A Shaker Musical Legacy
Robert Opdahl and Viola OpdahlPaper: $35.00
|Paper ISBN 13:|
|Paper Publication Date:||07/01/2004|
Learning about the Shakers’ history and development by way of their music has just been made easier and more fascinating.
--The Journal, Shaker Historical Society
[O]utstanding . . . a magnificent volume.
--Catholic Observer (Springfield, MA)
An unusual, original volume. It certainly will become one of the most useful treatments of Shaker music ever published.
--David Starbuck, author of Neither Plain Nor Simple: New Perspectives on the Canterbury Shakers (UPNE, 2003)
Tremendously valuable . . . useful to school and community choirs, community song leaders, and even classroom teachers . . . The dance descriptions and diagrams are a model of clarity.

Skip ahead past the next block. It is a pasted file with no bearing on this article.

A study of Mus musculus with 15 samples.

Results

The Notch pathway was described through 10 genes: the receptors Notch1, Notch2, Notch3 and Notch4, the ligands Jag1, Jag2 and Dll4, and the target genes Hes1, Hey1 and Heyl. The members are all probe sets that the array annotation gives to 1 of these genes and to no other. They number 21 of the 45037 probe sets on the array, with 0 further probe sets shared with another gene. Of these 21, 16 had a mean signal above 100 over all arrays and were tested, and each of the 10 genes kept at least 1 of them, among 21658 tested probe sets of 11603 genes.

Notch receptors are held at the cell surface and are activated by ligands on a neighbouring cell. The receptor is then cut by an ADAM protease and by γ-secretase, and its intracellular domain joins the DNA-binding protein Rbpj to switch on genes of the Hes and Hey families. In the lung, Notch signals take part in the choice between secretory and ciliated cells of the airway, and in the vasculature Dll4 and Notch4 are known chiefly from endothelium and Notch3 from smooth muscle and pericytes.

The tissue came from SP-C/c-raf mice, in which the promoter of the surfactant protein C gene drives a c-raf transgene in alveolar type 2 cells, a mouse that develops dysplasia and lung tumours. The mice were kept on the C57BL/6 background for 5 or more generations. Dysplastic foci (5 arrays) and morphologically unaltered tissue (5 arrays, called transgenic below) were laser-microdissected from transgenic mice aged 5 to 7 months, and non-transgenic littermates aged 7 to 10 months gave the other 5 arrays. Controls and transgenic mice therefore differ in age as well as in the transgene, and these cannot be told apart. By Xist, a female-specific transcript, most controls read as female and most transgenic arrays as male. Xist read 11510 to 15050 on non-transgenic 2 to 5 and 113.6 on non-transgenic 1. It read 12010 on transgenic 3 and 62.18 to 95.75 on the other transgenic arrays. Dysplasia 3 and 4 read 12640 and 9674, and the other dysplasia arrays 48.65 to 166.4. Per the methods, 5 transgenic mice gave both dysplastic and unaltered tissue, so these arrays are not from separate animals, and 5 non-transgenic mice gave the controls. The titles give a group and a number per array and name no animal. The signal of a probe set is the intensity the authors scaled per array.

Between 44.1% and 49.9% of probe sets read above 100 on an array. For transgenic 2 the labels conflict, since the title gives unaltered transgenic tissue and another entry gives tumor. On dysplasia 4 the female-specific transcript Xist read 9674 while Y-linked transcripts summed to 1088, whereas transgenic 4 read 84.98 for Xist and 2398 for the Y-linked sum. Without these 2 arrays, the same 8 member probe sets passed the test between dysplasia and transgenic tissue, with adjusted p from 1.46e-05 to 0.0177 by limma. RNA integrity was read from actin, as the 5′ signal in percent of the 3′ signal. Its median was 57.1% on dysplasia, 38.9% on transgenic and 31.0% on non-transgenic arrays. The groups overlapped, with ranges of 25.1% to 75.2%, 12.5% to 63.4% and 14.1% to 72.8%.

--Larry Gordon, director of Northern Harmony/Village Harmony
ROBERT C. OPDAHL spent several summers at the Shaker Village Work Camp as a key staff member creating and conducting workshops on Shaker music as well as transcribing songs from the manuscripts. Toward the end of his experience, and while completing studies at Hofstra University, he met with folk singer Frank Warner who heartily supported the transcription project. VIOLA E. WOODRUFF OPDAHL taught history in New Lebanon, New York, where she had the opportunity to learn about the nearby New Lebanon and Hancock Shaker communities. Viola has written for the New York Historical Society, New York State Education Department, and she was a college social studies supervisor for SUNY at New Paultz. The authors have been studying Shaker music and collecting original songs and dance materials of the Shakers for more than forty years. ROBERT STUART JAMIESON, folk musician and author, has written a foreword about the fascinating chain of events that has preserved this musical heritage. JERRY V. GRANT, director of research at the Shaker Museum and Library in Old Chatham, New York, has supplied an introduction to A Shaker Musical Legacy that explores how songs and dances express the Shaker’s sacred worldview.